It's not fair

by Martin Jurek

A friend of mine has severe arthritis in his left ankle, which makes him walk with a noticeable limp. Last weekend we hiked the Ripple Rock trail, and I had to constantly nag him to keep up. I found it really inconsiderate – and rude – of him to keep us from enjoying the trail at a reasonable pace. What a useless, lazy oaf.

Before you dismiss me as a heartless creep, let me assure you that this didn’t really happen. Like you, I realize how insensitive it sounds. I made up this scenario to make a point: that this is exactly how people with reduced hearing sensitivity are treated every day.

The burden of invisibility

Reduced hearing sensitivity is a very real condition that affects about one in 10 Canadians. But it’s an invisible condition. Without a limp, cane or other visual reminder to draw attention, it’s easy for others to forget – or never even realize – the condition exists.

In many cases, the person with reduced hearing sensitivity doesn’t even realize their hearing is affected. They don’t understand why everyone seems to be mumbling, why they’re mentally exhausted and grumpy at the end of the day or why they increasingly retreat from social interaction.

Its complexity and slow, progressive nature can also create confusion. A loss in the high frequencies, for example, often means someone can hear well in a small, carpeted computer room but not in a kitchen with tile flooring and a running dishwasher. Needless to say, this sort of “selective hearing” can create serious tension between partners and quickly lead to the kind of scorn and contempt described above.

We expect people with reduced hearing sensitivity to engage in conversation in noisy restaurants. We get annoyed (or ignore them entirely) when they ask us to repeat ourselves. We lose patience and accuse them of not listening when they miss important details.

It’s not fair, and it makes me sad to see it beat down so many good people and spoil so many otherwise loving relationships. By the same token, just as other people might be inconsiderate of someone with reduced hearing sensitivity, it’s just as inconsiderate of that person to do nothing and simply expect everyone around them to be patient.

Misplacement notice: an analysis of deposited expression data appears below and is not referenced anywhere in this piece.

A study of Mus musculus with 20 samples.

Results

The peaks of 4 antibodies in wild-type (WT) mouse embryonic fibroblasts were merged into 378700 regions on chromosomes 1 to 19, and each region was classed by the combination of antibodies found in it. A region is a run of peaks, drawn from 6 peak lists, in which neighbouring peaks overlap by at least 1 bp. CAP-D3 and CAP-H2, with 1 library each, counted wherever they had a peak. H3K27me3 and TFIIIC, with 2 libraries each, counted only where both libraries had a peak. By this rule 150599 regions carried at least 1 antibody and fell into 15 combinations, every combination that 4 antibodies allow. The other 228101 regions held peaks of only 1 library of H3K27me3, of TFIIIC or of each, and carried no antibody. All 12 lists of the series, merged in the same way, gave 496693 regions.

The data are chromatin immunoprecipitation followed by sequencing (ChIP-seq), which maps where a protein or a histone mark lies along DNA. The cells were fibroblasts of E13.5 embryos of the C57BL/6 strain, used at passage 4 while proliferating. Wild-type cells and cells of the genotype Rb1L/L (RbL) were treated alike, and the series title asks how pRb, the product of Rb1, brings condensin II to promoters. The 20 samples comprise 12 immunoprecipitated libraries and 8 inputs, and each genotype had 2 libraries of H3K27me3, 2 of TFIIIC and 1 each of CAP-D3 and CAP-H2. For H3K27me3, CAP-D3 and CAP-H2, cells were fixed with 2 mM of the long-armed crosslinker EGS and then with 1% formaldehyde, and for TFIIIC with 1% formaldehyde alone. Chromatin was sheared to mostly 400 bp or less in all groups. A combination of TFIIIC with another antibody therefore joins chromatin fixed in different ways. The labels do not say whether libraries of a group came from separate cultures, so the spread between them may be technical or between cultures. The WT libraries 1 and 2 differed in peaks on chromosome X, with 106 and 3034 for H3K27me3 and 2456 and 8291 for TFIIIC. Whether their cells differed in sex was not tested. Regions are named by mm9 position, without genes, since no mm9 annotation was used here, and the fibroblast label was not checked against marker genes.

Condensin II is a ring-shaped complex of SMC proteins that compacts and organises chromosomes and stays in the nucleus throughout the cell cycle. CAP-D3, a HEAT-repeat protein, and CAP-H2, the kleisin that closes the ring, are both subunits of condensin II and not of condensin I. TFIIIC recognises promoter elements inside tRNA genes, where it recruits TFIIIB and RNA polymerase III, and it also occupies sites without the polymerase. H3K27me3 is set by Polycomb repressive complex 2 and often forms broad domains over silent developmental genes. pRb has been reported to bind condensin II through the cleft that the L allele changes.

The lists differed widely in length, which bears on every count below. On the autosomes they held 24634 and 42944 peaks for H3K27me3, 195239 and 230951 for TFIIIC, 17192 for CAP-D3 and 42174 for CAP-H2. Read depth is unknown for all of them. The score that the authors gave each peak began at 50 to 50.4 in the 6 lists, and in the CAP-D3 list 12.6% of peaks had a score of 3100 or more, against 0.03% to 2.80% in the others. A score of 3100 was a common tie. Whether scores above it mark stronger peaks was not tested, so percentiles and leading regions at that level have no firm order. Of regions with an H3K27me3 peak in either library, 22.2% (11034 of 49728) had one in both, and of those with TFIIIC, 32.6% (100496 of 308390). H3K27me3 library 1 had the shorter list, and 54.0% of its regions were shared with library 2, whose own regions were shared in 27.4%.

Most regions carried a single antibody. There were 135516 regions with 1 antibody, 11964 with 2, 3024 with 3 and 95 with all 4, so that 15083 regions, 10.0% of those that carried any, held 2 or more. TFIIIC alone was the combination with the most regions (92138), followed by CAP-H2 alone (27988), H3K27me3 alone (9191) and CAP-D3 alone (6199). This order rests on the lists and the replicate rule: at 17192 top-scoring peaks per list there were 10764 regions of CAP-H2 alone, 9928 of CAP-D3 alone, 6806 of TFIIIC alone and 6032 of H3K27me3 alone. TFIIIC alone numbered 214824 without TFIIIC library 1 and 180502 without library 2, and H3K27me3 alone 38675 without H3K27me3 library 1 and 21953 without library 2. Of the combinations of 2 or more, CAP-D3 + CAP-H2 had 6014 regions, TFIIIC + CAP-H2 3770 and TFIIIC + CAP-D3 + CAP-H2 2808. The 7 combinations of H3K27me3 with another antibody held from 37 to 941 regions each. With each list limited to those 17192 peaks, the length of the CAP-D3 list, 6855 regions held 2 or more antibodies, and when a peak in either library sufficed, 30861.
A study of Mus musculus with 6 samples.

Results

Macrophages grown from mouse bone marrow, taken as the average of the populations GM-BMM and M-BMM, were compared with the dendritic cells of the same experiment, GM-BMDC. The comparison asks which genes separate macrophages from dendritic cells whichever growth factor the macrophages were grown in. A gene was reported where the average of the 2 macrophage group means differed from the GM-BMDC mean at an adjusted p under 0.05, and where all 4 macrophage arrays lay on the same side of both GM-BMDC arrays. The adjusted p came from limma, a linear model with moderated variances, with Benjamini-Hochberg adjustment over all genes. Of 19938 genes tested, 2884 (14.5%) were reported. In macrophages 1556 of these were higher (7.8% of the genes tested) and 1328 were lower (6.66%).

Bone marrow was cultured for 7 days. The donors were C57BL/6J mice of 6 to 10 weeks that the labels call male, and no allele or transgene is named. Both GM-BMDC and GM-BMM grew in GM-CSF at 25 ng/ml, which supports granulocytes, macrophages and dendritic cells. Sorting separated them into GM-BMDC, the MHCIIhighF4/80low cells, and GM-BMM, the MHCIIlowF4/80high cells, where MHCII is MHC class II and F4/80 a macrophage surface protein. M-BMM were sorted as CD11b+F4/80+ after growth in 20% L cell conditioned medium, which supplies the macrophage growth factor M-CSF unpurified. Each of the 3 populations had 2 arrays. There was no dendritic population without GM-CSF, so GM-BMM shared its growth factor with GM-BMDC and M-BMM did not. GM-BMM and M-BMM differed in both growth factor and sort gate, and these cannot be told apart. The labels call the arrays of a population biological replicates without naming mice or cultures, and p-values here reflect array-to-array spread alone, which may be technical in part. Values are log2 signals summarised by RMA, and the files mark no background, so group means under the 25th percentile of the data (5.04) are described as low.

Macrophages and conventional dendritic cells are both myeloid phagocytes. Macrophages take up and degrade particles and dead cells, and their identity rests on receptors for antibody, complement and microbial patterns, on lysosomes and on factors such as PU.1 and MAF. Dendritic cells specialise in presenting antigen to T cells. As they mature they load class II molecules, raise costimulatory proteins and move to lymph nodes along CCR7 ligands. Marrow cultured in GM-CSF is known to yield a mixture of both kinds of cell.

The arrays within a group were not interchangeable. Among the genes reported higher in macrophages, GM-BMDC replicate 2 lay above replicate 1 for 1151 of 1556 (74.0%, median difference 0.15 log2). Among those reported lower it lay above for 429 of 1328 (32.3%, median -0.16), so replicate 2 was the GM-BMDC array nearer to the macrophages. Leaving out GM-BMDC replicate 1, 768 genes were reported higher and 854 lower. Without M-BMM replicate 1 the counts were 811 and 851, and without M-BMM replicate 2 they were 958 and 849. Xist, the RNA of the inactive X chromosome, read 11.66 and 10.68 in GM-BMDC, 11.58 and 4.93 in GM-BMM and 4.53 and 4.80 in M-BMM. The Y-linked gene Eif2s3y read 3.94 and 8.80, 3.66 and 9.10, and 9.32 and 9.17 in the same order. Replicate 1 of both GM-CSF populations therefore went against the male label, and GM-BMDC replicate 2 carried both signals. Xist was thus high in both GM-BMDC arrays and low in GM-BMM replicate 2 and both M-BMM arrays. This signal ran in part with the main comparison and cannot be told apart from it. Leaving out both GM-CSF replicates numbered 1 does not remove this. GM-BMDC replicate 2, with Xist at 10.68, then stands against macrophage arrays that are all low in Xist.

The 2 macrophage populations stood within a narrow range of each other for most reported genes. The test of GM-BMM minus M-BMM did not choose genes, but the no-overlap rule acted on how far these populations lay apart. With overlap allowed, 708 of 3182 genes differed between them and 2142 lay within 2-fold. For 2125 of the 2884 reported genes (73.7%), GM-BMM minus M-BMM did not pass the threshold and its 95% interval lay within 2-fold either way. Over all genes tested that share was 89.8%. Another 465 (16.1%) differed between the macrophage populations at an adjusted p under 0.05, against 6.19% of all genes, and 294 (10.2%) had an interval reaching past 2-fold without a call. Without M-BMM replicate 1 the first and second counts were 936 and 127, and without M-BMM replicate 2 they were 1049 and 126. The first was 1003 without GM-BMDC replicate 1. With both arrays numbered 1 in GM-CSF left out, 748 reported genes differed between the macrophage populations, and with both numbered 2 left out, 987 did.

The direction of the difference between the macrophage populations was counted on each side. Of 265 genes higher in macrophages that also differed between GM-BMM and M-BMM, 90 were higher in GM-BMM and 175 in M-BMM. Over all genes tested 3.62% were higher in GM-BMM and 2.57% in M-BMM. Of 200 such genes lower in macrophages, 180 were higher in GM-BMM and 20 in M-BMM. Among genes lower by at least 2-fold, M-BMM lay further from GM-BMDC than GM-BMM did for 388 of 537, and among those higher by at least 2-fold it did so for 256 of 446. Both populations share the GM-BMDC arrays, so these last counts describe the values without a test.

A cure for annoying husbands?

In my practice, I’ve seen again and again how reduced hearing sensitivity can create serious tension between partners.

One couple I saw recently was having a particularly difficult time. The wife was upset with her husband because she thought he was ignoring her and because he continually disappeared whenever company came over. While she suspected his hearing sensitivity had changed somewhat, she thought he was taking advantage of the situation and was simply being rude. As you can imagine, their relationship suffered accordingly.

After completing her husband’s hearing test, I plugged the results into a hearing simulator and had the wife listen to a recorded story. When she heard for herself how her husband heard all the time – and realized how difficult it must be for him – she began to cry. She apologized profusely and promised to be more understanding.

These are the moments I live for; the moment someone suddenly understands just how profound an effect reduced hearing can have on one’s life and realizes how unfair society is to people whose hearing is less than perfect.

As a society, we demand wheelchair ramps for public buildings and audio signals for the visually impaired. But nobody cares that the acoustics of the local church, or the constant hum of a furnace at the local community centre, are torturous to 10% of the population.

Get to know your hearing

I truly love what I do. It’s not the tinkering with electronics that I love (although I do enjoy that), or the bookkeeping and other paperwork (I sincerely dislike that). It’s watching how dramatically lives and relationships can be improved with better hearing – and even with the mere understanding of what the world sounds like through the ears of someone with reduced hearing sensitivity.

Most people with reduced hearing sensitivity don’t even know it. So if you recognize any of the scenarios above, or you have any reason to suspect your hearing isn’t as sharp as it once was, you owe it to yourself and the people around you to get it checked out.

We’d be happy to provide you with a complimentary hearing assessment, and we’ll even let you experience the hearing simulator I mentioned earlier.

Every decision about your health and your hearing, of course, is yours and yours alone. We’re not going to pressure you or try to “sell” you anything – I don’t like it when people do that to me and I’m certainly not going to do it to you. If I can help you better understand the complexities of hearing sensitivity, though, I’ve done my job. If I can provide you with a solution that will improve your relationships and quality of life, then I’ve really done my job.

You can call me, if and when you’re ready, at 250-914-3200.